News National Terror law to allow child detention denounced


Earlier this month, in what is known in intelligence circles as “security theatre”, Malcolm Turnbull held a special National Security COAG meeting of all state premiers and first ministers to advance the new laws.

Victorian Premier Daniel Andrews spoke for the group when he said: “Notional considerations of civil liberties do not trump the very real threat of terror in our country today.”

What was not disclosed to the public was that if anyone charged under Commonwealth terror laws spoke publicly about what happened to them in detention they would likely be sent straight back to prison.

Nor did the gathered leaders mention that if any journalist wrote about any alleged mistreatment during what are called Special Intelligence Operations (SIOs) they would also be jailed under changes to the ASIO Act.

The new laws have come under renewed focus with the recent release of ASIO’s annual report.

Distinguished former barrister and Canberra insider Pamela Burton told The New Daily she was extremely concerned about the extension of powers. Australia was a signatory to the United Nation’s Convention Against Torture and there had been significant efforts to implement a national system of inspections of all places of detention.

“I am dismayed at the path we now seem set on to authorise arbitrary power to detain people and children as young as 10, as a consequence of terrorism scares,” she said.

President of the Law Council of Australia, Fiona McLeod SC, echoed the concerns. She told The New Daily moves to detain 10-year-olds without charge for up to a fortnight was extraordinarily draconian.

“It’s the combined shock of having a pre-charge detention of up to 14 days and the revelation they’re going to seek to have this extended to the age of 10,” Ms McLeod said. “We’re talking about grade four kids. This has crossed the line.”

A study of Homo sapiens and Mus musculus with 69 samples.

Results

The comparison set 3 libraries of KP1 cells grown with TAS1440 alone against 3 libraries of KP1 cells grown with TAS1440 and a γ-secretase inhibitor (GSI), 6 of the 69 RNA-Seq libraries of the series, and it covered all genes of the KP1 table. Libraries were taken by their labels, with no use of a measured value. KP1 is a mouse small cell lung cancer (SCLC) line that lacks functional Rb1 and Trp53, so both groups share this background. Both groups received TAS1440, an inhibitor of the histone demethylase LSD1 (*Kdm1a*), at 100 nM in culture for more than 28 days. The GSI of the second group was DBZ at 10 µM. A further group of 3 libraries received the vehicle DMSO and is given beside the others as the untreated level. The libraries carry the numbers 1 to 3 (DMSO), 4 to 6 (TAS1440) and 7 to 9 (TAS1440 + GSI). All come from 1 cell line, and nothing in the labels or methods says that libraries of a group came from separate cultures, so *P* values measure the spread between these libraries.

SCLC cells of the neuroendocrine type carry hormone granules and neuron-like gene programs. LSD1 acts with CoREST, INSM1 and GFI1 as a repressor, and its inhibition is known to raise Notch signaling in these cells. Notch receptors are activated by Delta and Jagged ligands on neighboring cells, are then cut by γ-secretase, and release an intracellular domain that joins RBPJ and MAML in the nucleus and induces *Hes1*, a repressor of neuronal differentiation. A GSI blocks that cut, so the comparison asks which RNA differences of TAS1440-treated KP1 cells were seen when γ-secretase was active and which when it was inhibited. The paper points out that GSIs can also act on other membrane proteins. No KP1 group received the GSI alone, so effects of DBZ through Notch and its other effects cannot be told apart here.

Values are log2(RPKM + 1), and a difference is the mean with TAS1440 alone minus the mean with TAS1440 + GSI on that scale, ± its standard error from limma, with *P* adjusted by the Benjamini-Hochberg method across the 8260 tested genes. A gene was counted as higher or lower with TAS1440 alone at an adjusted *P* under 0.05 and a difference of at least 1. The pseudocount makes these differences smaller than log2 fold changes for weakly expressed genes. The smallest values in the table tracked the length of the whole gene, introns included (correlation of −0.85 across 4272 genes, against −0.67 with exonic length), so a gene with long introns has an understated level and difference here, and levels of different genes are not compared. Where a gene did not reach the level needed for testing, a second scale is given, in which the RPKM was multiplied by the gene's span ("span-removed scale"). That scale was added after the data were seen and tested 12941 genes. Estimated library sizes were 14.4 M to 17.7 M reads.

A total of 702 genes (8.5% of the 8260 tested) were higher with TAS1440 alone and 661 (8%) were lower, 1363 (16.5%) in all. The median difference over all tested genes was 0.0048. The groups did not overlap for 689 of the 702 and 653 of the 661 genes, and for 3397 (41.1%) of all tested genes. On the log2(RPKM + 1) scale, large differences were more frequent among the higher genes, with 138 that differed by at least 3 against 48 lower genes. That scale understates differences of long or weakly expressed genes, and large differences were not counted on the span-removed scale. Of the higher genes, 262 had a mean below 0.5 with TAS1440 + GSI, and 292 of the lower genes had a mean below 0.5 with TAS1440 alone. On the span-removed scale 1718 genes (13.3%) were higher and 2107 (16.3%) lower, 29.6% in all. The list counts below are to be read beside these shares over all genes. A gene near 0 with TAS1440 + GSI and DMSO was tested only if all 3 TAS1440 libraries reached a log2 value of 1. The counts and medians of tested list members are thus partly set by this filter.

Attention on the extensive gifting of powers and budgets to Australia’s security services by the Abbott/Turnbull governments has renewed with the release of ASIO’s annual report.

Paul Murphy, head of the journalists union MEAA, told The New Daily hard-won democratic and civil rights were being signed away through a deluge of national security legislation.

“These greater powers have to be balanced with greater scrutiny, particularly if we are going to proceed to where minors are being arrested. One safeguard is fearless and independent reporting and when that becomes a crime, we move into very dangerous territory,” Mr Murphy said.

Solicitor Stephen Blanks, President of the NSW Council for Civil Liberties, told The New Daily the Abbott and Turnbull governments had gifted ASIO excessive powers inconsistent with a free society.

“There are inevitably doubts about the possibility of ASIO overreach and abuse of power,” he said.

Greg Barnes, spokesman for the Australian Lawyers Alliance, told The New Daily it was difficult to imagine a more unsuitable candidate than Australia for the UN Human Rights Council.

“The torture of asylum seekers, including indefinite detention of infants and children; the detaining without charge of children as young as 10 under anti-terror laws … you name it, Australia has it,” Mr Barnes said.

Professor David McKnight, author of Australian Spies and Their Secrets, said there had been no case advanced for 14 days detention without charge: “What makes the debate so difficult in Australia is no one wants to be seen to be soft on terrorism.”